Other Browsers, Keyboards, and Height
As a followup to my article on iOS 7's keyboard and height problems, I thought I'd check in with other browsers... and I was left more confused than before. I am using the same demo page as my last article for these other browsers with an element positioned absolute at the bottom. I always thought I knew how this worked, but I was very wrong (or everyone has changed how this worked, and I missed the conversion day). I still need to test what has the potential to be the strangest of all... the stock Android browser (the "IE 6" one).
(Updated November 19, 2013: Screenshots added)
Windows 8 IE 11
The keyboard here appears above the fixed content (as I would hope), and the window and document heights appear unchanged (as I also would hope). I like it.
Windows Phone 8 IE 10
Visually, this actually behaves similarly to Windows 8's browser. The document's height stays the same, so the keyboard is on a layer above the footer, as I would expect. It differs from Windows 8, however, in that the window height does actually change. So with the keyboard up, the window height will be effectively the document height less the keyboard's height.
Android Chrome (4.3)
I was surprised to see behavior that more closely matches the busted iOS 7 WebView: The fixed footer stays attached to the top of the keyboard. As far as heights are concerned - the document height here is the one that shrinks while the window's stays the same. This is the opposite of the Windows Phone test, and in my head makes less sense.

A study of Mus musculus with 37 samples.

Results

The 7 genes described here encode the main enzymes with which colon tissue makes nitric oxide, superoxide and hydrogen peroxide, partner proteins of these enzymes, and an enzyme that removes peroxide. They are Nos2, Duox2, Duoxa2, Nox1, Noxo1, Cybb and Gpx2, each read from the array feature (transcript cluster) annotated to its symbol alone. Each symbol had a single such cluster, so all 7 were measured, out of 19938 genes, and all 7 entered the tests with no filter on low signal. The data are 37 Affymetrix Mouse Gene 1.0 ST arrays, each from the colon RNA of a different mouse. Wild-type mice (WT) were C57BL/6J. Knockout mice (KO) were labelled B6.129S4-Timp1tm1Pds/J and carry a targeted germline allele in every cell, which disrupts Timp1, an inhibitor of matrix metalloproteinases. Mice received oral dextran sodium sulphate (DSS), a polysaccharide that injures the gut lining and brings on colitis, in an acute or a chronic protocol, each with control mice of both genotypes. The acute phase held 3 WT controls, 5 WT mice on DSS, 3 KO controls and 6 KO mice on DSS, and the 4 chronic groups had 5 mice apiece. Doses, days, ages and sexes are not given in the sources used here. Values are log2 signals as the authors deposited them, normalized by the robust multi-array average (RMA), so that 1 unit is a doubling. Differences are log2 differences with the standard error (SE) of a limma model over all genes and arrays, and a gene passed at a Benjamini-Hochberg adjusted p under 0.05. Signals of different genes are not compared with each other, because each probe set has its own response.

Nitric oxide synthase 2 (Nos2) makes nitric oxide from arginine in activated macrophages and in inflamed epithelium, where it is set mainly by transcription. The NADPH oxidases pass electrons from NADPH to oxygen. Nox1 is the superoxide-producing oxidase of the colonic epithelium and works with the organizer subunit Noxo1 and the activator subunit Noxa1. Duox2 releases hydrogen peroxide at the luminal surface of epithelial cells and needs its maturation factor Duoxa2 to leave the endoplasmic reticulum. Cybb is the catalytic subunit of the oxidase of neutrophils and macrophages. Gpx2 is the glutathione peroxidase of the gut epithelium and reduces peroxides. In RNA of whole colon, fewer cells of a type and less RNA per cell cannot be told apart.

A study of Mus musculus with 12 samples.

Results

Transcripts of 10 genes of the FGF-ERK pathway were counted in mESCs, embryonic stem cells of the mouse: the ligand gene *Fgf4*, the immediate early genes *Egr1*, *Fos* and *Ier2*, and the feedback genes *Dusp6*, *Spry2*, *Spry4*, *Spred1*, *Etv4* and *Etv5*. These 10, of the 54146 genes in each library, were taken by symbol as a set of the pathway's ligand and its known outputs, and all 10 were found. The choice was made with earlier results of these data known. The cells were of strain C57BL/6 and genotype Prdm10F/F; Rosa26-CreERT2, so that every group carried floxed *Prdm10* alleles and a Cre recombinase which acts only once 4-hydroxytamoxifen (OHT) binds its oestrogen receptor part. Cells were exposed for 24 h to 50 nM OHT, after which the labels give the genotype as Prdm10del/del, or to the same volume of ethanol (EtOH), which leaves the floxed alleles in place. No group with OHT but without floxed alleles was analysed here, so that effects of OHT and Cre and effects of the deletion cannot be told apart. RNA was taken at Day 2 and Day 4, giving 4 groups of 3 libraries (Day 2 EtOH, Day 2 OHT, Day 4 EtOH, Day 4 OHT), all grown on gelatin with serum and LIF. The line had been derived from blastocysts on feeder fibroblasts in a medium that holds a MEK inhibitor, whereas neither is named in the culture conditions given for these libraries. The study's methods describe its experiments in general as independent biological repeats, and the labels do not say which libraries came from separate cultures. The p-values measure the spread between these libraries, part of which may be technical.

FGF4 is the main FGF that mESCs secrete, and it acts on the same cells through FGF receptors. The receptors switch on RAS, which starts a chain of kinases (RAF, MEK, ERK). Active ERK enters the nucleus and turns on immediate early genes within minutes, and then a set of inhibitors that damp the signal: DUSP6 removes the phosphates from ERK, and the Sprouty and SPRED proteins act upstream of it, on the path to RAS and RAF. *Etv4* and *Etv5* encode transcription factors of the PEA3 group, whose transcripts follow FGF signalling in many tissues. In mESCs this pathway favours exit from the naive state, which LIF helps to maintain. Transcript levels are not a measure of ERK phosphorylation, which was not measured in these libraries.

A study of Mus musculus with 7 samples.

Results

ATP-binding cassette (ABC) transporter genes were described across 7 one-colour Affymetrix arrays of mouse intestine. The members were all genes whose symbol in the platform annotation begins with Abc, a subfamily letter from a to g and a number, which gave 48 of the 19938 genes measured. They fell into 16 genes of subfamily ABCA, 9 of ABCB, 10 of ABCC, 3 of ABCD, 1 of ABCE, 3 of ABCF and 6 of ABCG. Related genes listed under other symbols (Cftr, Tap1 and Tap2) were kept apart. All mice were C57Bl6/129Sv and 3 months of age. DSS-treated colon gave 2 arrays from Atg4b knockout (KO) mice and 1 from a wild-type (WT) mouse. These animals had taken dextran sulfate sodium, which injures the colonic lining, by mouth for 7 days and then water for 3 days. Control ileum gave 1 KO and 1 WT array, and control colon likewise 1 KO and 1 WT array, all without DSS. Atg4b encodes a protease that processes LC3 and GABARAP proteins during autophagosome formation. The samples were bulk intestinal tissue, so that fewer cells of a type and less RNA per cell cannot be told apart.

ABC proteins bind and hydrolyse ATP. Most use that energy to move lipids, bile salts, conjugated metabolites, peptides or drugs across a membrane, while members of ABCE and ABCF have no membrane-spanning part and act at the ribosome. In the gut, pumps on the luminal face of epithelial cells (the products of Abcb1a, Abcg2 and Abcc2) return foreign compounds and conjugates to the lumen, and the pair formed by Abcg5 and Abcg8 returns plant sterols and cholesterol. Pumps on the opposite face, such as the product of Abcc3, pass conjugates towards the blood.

I will need to rerun this test now that upcoming versions of Chrome will allow homescreen apps, similar to iOS. It should also be noted that the latest Android Firefox (25.0) also pushes up the footer with the keyboard.
iOS Chrome & iOS Twitter App's Browser
Unsurprisingly (when you know that both Chrome and Twitter - and Facebook, Flipboard, etc. - just use a WebView with some different controls than Safari), both of these behave exactly as the busted WebView.
I've always hated in-app browsers because they have always been just a poor man's version of the actual Safari browser. Still... they remain in heavy use since they are embedded in some very popular apps (as noted by Luke Wroblewski) and some people falsely believe that iOS Chrome uses its own Chrome-like rendering engine. With iOS 7 these limited browsers become much poorer.